Antonia Fraser. Published by Weidenfeld & Nicholson, 2001. HB (Blue cloth with gilt-titled spine) xviii + 488 pages + 48 b&w and colour plates. 150 x 233mm ISBN 0297819089. Sticker on dj, otherwise almost as new.
Famously known as the eighteenth-century French queen whose excesses have become a legend, Marie Antoinette was blamed for instigating the French Revolution. The story of her journey begins as a fourteen-year-old sent from Vienna to marry the future Louis XVI to her courageous defence before she was sent to the guillotine reveals a woman of greater complexity and character than we have previously understood.
The youngest daughter, fifteenth out of sixteen children, of Austrian empress Maria Teresa and Francis I, Marie Antoinette was sent on a journey by her mother from Vienna to Versailles with the expectation that she would further Austrian interests at all times. Yet, Marie Antoinette was by nature far from interested in state affairs and much more inclined to exert a gracious, philanthropic role, patronizing the arts especially music, as royalty would come to behave in the nineteenth century. Despite this the French accused her of political interference and wrote scandalous tracts against her, mocking her lack of sophistication. Meanwhile, longing for a family and the birth of an heir who would have cemented the Franco-Austro alliance, she had to endure more than eight years of public humiliation for her barren marriage before the delivery of the first of her four children.
As these problems unfold, Fraser weaves a richly detailed account of Marie Antoinette's other, more poignant journey: from the ill-educated and unprepared girl who sought refuge in pleasure as a consolation into a courageous woman who defied her enemies at her trial with consummate intelligence, arousing the admiration of even the most hostile revolutionaries.
Marie Antoinette is a work of some scholarship. Drawing on a wealth of family letters and other archival materials. The author successfully avoiding the hagiography of the queen's admirers and the misogyny of many of her critics. The result is an utterly riveting and intensely moving book.
Still a controversial figure, as well as a celebrated one, Marie Antoinette's dramatic life-story continues to arouse mixed emotions. To many people, she is still 'la Reine méchante', whose extravagance and frivolity helped to bring down the French monarchy; her indifference to popular suffering epitomised by the (apocryphal) words: 'let them eat cake'. She was accused of personal profligacies and sexual excesses. Others are equally passionate in her defence: to them, she is a victim of misogyny.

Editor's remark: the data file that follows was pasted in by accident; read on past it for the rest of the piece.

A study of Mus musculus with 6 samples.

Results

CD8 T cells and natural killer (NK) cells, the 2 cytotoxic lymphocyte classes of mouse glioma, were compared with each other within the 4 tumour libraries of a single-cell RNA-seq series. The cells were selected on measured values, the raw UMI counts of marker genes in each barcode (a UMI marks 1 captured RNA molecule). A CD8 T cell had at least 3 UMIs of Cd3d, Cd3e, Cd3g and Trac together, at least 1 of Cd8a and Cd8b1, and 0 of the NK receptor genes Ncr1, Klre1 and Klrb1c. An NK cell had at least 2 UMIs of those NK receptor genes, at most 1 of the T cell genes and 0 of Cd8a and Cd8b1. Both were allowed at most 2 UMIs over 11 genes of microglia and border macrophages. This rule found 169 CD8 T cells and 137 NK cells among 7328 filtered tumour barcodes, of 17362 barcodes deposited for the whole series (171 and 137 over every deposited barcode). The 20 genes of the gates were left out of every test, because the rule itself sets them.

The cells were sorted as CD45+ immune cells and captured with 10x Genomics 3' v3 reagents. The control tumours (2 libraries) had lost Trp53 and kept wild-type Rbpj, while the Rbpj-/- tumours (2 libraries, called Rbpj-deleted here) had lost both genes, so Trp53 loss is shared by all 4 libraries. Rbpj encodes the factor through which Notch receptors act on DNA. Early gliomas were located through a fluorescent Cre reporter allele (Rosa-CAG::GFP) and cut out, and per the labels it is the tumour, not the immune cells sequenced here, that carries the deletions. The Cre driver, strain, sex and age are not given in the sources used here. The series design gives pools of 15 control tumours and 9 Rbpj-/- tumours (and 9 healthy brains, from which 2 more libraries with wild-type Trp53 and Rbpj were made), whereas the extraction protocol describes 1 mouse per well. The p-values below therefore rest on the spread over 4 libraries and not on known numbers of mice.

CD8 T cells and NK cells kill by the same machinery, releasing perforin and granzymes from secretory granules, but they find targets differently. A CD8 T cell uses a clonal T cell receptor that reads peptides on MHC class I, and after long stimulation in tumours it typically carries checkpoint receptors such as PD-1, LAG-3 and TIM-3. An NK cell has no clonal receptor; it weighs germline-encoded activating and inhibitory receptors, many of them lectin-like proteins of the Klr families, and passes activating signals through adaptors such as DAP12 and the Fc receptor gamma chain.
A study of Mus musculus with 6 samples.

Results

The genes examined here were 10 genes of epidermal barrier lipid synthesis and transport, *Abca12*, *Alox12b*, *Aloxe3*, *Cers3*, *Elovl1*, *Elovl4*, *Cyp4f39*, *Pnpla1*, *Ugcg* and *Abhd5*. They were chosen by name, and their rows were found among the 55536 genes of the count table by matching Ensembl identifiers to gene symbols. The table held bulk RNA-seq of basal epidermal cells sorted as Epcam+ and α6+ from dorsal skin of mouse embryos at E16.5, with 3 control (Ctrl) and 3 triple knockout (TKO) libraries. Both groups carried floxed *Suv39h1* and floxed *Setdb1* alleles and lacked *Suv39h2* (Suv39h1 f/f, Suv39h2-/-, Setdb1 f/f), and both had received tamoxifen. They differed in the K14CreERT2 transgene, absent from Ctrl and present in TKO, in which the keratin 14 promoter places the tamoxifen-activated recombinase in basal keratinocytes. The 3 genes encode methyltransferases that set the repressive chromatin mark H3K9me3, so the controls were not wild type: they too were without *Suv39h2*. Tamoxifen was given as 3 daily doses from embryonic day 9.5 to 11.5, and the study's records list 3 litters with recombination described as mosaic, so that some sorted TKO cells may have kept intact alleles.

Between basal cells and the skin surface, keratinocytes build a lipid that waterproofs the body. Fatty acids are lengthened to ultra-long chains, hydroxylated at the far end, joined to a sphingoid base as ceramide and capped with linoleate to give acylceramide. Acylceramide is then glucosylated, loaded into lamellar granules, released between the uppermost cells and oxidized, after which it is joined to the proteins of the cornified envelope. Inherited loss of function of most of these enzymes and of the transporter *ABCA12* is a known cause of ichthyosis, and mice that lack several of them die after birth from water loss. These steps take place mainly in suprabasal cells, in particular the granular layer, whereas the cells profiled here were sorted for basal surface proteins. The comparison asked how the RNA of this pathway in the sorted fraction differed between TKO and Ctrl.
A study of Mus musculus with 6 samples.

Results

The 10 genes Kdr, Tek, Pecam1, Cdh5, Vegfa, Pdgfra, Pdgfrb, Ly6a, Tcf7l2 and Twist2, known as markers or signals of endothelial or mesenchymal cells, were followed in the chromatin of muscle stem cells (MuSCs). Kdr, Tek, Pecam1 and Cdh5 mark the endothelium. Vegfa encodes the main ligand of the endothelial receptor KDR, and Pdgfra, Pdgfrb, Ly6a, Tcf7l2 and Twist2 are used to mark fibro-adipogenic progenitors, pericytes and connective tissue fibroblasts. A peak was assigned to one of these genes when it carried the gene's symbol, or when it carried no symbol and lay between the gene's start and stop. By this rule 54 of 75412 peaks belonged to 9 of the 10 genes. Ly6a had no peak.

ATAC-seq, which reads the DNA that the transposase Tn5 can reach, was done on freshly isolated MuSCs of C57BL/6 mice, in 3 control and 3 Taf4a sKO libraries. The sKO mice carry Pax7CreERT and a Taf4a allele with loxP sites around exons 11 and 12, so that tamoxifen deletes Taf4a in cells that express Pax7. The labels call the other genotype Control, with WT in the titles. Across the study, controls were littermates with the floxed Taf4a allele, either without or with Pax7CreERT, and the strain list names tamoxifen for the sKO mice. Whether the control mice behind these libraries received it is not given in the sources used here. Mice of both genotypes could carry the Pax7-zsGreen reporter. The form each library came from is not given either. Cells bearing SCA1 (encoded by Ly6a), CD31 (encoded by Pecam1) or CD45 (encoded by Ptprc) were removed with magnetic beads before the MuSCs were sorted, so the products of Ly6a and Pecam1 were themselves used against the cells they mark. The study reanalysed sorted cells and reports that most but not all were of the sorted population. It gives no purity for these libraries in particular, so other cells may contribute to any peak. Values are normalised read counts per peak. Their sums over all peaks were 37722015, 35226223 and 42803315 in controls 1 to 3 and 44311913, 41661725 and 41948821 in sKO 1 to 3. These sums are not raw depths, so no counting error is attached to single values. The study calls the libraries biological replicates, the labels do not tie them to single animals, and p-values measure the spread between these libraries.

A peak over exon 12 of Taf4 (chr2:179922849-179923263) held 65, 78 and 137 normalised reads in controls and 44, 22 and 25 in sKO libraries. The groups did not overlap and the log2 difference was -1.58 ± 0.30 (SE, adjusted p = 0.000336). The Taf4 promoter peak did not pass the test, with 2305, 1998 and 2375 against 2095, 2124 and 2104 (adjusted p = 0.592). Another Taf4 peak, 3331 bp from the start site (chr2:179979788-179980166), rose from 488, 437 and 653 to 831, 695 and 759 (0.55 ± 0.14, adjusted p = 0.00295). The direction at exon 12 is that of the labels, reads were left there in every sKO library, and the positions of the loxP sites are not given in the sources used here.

Marie Antoinette remains one of the genuinely romantic and ill-treated characters in history. A compassionate queen and devoted mother, she did little to deserve her tragic destiny. She was born in 1755, one of 16 children of the Austrian Empress Maria Theresa. At the age of 15, she was to be the bride of the French Dauphin, heir to his grandfather Louis XV. The Dauphin came to the throne as Louis XVI in 1774 and for more than ten years the French court at Versailles glittered under the presidency of its young, beautiful and artistic queen, in what would be seen afterwards as the last throw of the Ancien Regime.
In this biography, Antonia Fraser examines Marie Antoinette's influence over the Louis, the accusations and sexual slurs made against her, her patronage of the arts which enhanced French cultural life, her imprisonment, the death threats made against her, rumours of lesbian affairs, and her trial (during which her 7-year-old son was forced to testify to sexual abuse by his mother) and her eventual execution by guillotine in 1793.
The major film directed by Sofia Coppola is based on this book.